Laryngitis is a condition caused by inflammation of the larynx or voice box.

Laryngitis(喉嚨發炎, 喉炎) is a condition caused by inflammation of the larynx or voice box. Within the voicebox are two bands of muscle, the vocal cords, which are stretched across the windpipe and allow us to speak and make sound when they vibrate together.  

The inflammation that causes laryngitis can be caused by many things. Usually, it is a short-term problem caused by a viral infection, but it can also be a short or long-term problem due to overuse or irritation of the vocal cords; for example from speaking or shouting a lot or from exposure to irritants like cigarette smoke or stomach acid reflux.  

Symptoms of Laryngitis   

The symptoms of laryngitis can vary in severity and duration, depending on the underlying cause. Common signs and symptoms include:  

  • Hoarseness: When the vocal cords are inflamed or swollen, they can’t move as effectively to create sound, leading to hoarseness, the main symptom of laryngitis. Your voice may sound raspy, strained, or weak, making it difficult to speak normally 
  • Loss of Voice: In some cases, laryngitis can temporarily cause you to lose your voice altogether, making it challenging to speak audibly or at all 
  • Sore Throat: The inflammation in the larynx can cause throat discomfort, pain, or a scratchy sensation 
  • Dry Cough: Laryngitis may accompany a dry, persistent cough, which can further irritate the vocal cords 
  • Throat Irritation: You may experience a feeling of something stuck in your throat or the need to clear your throat frequently

If you have laryngitis caused by a viral infection, you will most likely have a mild fever and feel unwell, perhaps with other accompanying symptoms like a runny nose, headaches or muscle aches if the virus affects more than just your voice box. Please note that you should seek emergency medical attention if you are experiencing difficulty breathing.  

What to do if you have laryngitis  

Losing your voice can be very alarming (and frustrating!). It will usually settle within a couple of weeks with supportive treatment after identifying and treating the underlying cause. 

Below are also some simple measures you can take at home to help settle your symptoms:   

  • Hydration: Stay well-hydrated by drinking plenty of fluids to maintain the lubrication of the vocal cords and prevent dryness  
  • Vocal Rest: If you experience hoarseness or any signs of vocal strain, give your voice a break by refraining from excessive talking or whispering. Patients are often surprised to learn that whispering is actually more stressful on your voicebox than talking!    


How to reduce irritation of your vocal cords 

Incorporating these preventive measures into your daily routine, even when you don’t actively have laryngitis, can help minimise the risk of developing vocal cord irritation and maintain vocal health.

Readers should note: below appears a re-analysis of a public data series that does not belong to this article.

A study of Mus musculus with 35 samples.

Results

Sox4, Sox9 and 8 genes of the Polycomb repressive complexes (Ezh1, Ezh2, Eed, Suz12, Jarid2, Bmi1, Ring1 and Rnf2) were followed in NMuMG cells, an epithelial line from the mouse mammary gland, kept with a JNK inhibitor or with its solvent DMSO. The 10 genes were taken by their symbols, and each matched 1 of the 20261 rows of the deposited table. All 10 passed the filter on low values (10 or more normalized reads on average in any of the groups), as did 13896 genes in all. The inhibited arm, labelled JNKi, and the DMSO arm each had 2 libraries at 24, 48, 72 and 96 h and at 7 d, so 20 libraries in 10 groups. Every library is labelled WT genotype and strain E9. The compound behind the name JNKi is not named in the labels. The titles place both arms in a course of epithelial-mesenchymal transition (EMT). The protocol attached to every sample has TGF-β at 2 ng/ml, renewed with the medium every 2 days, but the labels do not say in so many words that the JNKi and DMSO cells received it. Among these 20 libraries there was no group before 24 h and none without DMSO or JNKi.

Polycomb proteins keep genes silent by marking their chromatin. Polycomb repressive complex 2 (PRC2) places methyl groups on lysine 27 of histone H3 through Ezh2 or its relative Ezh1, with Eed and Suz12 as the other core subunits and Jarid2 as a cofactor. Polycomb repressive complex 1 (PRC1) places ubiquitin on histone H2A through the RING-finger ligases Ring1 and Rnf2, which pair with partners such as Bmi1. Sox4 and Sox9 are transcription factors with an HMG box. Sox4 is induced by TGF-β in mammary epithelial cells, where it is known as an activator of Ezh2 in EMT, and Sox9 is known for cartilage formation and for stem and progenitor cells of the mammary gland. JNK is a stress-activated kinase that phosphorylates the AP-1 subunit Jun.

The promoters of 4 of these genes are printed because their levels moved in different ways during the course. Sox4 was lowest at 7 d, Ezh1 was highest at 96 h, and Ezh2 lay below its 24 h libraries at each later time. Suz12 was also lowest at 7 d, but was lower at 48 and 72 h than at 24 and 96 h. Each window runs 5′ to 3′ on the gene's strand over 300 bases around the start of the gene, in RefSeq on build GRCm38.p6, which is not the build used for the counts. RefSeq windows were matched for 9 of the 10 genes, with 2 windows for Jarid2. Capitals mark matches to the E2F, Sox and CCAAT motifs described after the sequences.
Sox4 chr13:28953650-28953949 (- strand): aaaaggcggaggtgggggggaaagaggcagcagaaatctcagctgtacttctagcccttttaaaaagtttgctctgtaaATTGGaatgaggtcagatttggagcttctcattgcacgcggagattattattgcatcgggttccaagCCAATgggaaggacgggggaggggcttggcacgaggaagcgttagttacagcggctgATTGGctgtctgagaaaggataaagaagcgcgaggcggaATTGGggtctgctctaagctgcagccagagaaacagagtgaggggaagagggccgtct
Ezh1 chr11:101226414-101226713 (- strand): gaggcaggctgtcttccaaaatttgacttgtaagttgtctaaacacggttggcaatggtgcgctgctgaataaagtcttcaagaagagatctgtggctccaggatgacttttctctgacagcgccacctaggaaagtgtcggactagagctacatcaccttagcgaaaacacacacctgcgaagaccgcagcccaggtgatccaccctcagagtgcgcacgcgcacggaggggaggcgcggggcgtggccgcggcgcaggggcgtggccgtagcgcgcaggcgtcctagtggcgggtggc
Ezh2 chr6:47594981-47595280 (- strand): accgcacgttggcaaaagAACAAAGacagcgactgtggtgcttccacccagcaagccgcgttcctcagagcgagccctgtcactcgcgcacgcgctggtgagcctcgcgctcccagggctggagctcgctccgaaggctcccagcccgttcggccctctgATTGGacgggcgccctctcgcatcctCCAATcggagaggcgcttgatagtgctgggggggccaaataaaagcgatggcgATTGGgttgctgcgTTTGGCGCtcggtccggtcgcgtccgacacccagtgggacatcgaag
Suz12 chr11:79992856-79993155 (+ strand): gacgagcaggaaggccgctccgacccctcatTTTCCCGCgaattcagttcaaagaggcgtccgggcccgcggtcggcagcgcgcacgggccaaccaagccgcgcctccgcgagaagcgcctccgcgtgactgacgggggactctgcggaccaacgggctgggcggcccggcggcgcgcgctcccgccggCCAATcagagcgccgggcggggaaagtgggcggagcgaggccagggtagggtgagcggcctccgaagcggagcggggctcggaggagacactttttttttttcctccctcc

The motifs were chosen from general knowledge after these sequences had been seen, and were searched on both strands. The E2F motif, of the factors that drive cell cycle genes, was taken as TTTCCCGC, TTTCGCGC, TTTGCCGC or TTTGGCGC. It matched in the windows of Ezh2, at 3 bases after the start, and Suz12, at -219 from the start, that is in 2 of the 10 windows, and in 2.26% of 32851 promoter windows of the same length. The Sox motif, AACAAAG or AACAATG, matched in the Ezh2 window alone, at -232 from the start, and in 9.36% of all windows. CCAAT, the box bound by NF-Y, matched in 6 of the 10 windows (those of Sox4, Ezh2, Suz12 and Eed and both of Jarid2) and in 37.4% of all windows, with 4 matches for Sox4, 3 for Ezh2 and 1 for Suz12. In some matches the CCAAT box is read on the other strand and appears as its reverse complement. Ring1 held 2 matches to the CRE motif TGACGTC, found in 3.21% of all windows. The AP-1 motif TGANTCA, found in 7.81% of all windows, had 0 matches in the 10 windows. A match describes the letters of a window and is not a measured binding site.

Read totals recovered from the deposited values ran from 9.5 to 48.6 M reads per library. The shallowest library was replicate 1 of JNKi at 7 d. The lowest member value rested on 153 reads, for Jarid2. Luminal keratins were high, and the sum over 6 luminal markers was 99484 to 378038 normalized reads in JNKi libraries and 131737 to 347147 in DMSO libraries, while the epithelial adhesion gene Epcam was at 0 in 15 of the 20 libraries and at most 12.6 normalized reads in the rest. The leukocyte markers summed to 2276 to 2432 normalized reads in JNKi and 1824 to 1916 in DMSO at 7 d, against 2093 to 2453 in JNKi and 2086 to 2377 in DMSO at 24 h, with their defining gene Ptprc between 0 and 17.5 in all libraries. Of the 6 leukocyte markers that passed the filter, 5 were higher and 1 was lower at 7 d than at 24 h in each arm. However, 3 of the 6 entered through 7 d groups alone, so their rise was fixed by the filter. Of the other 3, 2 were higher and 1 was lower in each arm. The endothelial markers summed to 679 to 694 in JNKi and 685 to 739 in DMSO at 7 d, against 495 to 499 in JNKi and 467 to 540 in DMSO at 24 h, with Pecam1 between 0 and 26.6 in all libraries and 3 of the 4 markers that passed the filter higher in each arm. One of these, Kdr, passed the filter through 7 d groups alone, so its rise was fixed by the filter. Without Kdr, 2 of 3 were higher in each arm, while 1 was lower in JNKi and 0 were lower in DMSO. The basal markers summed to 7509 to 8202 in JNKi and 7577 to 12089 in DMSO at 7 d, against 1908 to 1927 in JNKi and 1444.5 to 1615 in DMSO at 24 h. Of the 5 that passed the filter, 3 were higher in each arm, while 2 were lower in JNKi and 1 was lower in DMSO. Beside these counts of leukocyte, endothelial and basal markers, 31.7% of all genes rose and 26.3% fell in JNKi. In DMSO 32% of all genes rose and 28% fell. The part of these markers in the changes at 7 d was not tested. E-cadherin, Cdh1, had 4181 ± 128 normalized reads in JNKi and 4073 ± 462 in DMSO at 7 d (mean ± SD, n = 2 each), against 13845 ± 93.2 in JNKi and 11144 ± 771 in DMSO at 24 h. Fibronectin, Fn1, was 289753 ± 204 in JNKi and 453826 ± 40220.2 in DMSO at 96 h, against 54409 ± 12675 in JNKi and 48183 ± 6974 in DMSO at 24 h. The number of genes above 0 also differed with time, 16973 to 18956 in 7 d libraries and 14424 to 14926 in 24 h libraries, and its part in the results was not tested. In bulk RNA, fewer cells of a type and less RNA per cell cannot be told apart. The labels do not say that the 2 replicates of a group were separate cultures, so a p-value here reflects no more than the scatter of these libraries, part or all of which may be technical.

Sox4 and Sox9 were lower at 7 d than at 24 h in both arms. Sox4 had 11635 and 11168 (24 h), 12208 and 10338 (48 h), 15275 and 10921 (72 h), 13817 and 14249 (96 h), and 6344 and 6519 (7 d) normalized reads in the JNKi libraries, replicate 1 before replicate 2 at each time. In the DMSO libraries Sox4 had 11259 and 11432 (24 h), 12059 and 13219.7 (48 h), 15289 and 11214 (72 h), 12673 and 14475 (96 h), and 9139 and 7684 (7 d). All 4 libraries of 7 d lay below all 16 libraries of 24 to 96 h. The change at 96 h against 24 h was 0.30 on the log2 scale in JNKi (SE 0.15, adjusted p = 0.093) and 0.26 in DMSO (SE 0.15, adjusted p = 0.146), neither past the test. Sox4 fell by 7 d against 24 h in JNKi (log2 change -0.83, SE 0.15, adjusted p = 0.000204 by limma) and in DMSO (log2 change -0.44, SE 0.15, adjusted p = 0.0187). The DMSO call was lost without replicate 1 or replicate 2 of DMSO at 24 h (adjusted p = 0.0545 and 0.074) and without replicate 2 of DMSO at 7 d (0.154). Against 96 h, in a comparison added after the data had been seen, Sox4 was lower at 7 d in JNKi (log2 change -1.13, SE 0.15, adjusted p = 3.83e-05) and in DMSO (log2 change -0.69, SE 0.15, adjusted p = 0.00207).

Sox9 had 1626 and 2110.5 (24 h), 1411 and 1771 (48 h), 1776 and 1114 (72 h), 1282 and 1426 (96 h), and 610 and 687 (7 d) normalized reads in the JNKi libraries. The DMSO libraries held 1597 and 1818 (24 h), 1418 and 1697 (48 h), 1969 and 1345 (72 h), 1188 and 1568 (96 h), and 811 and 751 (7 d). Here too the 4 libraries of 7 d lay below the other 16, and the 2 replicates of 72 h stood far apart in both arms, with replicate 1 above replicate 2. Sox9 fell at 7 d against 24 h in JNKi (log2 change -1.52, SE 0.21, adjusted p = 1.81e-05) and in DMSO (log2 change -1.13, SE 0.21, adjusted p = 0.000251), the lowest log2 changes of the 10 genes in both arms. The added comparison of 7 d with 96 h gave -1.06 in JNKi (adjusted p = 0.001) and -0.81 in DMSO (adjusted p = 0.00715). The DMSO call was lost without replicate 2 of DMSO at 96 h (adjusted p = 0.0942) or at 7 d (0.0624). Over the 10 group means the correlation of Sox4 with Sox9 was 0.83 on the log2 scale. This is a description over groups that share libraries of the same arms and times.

• Proper Vocal Technique: Learn and practice proper vocal techniques to help project your voice to minimize strain on the vocal cords, mainly if you regularly do a lot of public speaking, presentations - or singing! 
  • Avoid Irritants: Limit exposure to irritants that can inflame the larynx, such as smoke, allergens, and pollutants. If you're a smoker, consider accessing support for quitting to protect your vocal health 
  • Humidify the Air: Use a humidifier or vaporiser to add moisture to your home or workspace air. It helps prevent dryness in the throat and keeps the vocal cords hydrated. Air conditioning can make the air very dry!  
  • Avoid Vocal Abuse: Refrain from excessive throat clearing, coughing, or using your voice when strained or fatigued. These actions can irritate the vocal cords and exacerbate laryngitis symptoms  
  • Maintain a Healthy Lifestyle: Maintain a balanced diet, exercise regularly, and manage stress levels 
  • Seek Treatment for Acid Reflux: If you have gastroesophageal reflux disease (GERD) or experience recurring acid reflux, seek treatment. 

However, if your symptoms do not settle within a couple of weeks with the measures above, it is important to consult a doctor to look for other causes of your hoarse voice to ensure you have the correct diagnosis and treatment to help you get back to normal. In rare cases, a persistent hoarse voice can be a sign of a more serious underlying condition, so it is important to get checked out if it doesn’t go away.  


Dr Emma Warner headshot

Dr Emma Warner

OT&P Healthcare

Please note that all medical articles featured on our website have been reviewed by qualified healthcare doctors. The articles are for general information only and are not medical opinions nor should the contents be used to replace the need for a personal consultation with a qualified medical professional on the reader's medical condition.